Wireless company sees private sector resources leveraged for public safety response
| 11.20.2007 | 11:48:09 | Views: 4879 | ID:
November 20 '07: When the I-35W Bridge collapsed in Minneapolis in August, residents near the crash sent cell phone pictures to responder officials; posted them onto Fickr sites and exchanged them over the city's wireless network. Officials used the open-sharing of data using private networks and existing private sector resources to help with response operations - something that Frontline Wireless wants to try and harness.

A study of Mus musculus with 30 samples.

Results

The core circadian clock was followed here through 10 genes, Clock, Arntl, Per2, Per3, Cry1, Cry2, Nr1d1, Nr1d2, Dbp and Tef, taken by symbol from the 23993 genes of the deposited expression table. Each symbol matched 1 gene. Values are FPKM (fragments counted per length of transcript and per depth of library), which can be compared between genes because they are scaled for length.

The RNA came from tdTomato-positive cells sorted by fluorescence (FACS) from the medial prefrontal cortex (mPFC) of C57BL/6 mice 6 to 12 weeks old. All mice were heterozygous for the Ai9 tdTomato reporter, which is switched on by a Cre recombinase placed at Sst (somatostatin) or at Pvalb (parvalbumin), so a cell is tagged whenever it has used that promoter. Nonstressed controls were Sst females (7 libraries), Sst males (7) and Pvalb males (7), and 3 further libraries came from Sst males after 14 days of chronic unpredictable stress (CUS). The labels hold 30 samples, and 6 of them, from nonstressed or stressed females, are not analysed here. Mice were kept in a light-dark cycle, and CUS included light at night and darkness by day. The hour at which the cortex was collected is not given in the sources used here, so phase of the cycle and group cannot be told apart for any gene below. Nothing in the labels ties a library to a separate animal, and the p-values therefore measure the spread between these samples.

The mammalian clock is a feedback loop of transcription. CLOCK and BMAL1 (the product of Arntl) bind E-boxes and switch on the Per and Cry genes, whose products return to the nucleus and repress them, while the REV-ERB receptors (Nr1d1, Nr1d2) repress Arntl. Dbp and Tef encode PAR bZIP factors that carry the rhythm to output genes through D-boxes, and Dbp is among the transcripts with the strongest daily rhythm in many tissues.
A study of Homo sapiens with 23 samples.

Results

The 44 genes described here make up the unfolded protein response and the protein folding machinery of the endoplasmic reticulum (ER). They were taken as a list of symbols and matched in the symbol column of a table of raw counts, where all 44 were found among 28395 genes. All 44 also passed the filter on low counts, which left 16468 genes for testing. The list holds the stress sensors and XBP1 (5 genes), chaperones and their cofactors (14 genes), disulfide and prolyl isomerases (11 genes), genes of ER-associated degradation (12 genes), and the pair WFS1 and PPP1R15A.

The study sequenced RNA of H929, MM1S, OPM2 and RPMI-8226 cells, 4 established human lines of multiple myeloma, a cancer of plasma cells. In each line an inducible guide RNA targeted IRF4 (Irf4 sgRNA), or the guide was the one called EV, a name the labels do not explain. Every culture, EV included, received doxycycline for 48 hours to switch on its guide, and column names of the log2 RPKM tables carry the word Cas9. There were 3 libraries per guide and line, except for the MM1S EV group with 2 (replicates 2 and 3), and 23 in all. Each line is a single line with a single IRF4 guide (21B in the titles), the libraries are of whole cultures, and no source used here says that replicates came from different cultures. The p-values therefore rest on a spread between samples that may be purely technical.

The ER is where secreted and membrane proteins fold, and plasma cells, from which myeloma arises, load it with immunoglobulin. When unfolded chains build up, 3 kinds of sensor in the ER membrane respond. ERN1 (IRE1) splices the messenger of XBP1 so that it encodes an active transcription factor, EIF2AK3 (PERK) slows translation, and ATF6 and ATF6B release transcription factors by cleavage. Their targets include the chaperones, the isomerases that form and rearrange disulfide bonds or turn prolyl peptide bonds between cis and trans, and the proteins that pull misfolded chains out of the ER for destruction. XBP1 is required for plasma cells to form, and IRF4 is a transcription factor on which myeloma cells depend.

The company's goal, according to its website, is to leverage "efficiencies of shared spectrum and network infrastructure ... [to] empower first responders with state-of-the-art technology and [to] liberate consumers from the 'walled gardens' of the incumbent wireless providers."The company plans to exercise this by acquiring part of the 700 MHz frequency being auctioned by the federal government. Google is making similar moves to buy large chunks of the spectrum. During the bridge collapse in August, Frontline's CTO Stagg Newman told the Boston Herald, that having the 700 MHz spectrum open could mean that a person would "be able to take a picture of what's going on. ... It gets onto the broadband network and immediately goes to the 911 center." To help ensure greater public safety, Frontline has outlined a five-point plan: to double the amount of 700 MHz spectrum available to first responders; help reduce the costs of implementing a "4g" broadband national network by using the already-existing sources; to use "open" networks which will help to increase security and reduce roadblocks to information-sharing; give security and control to local agencies; and above all, to have the networks be interoperable.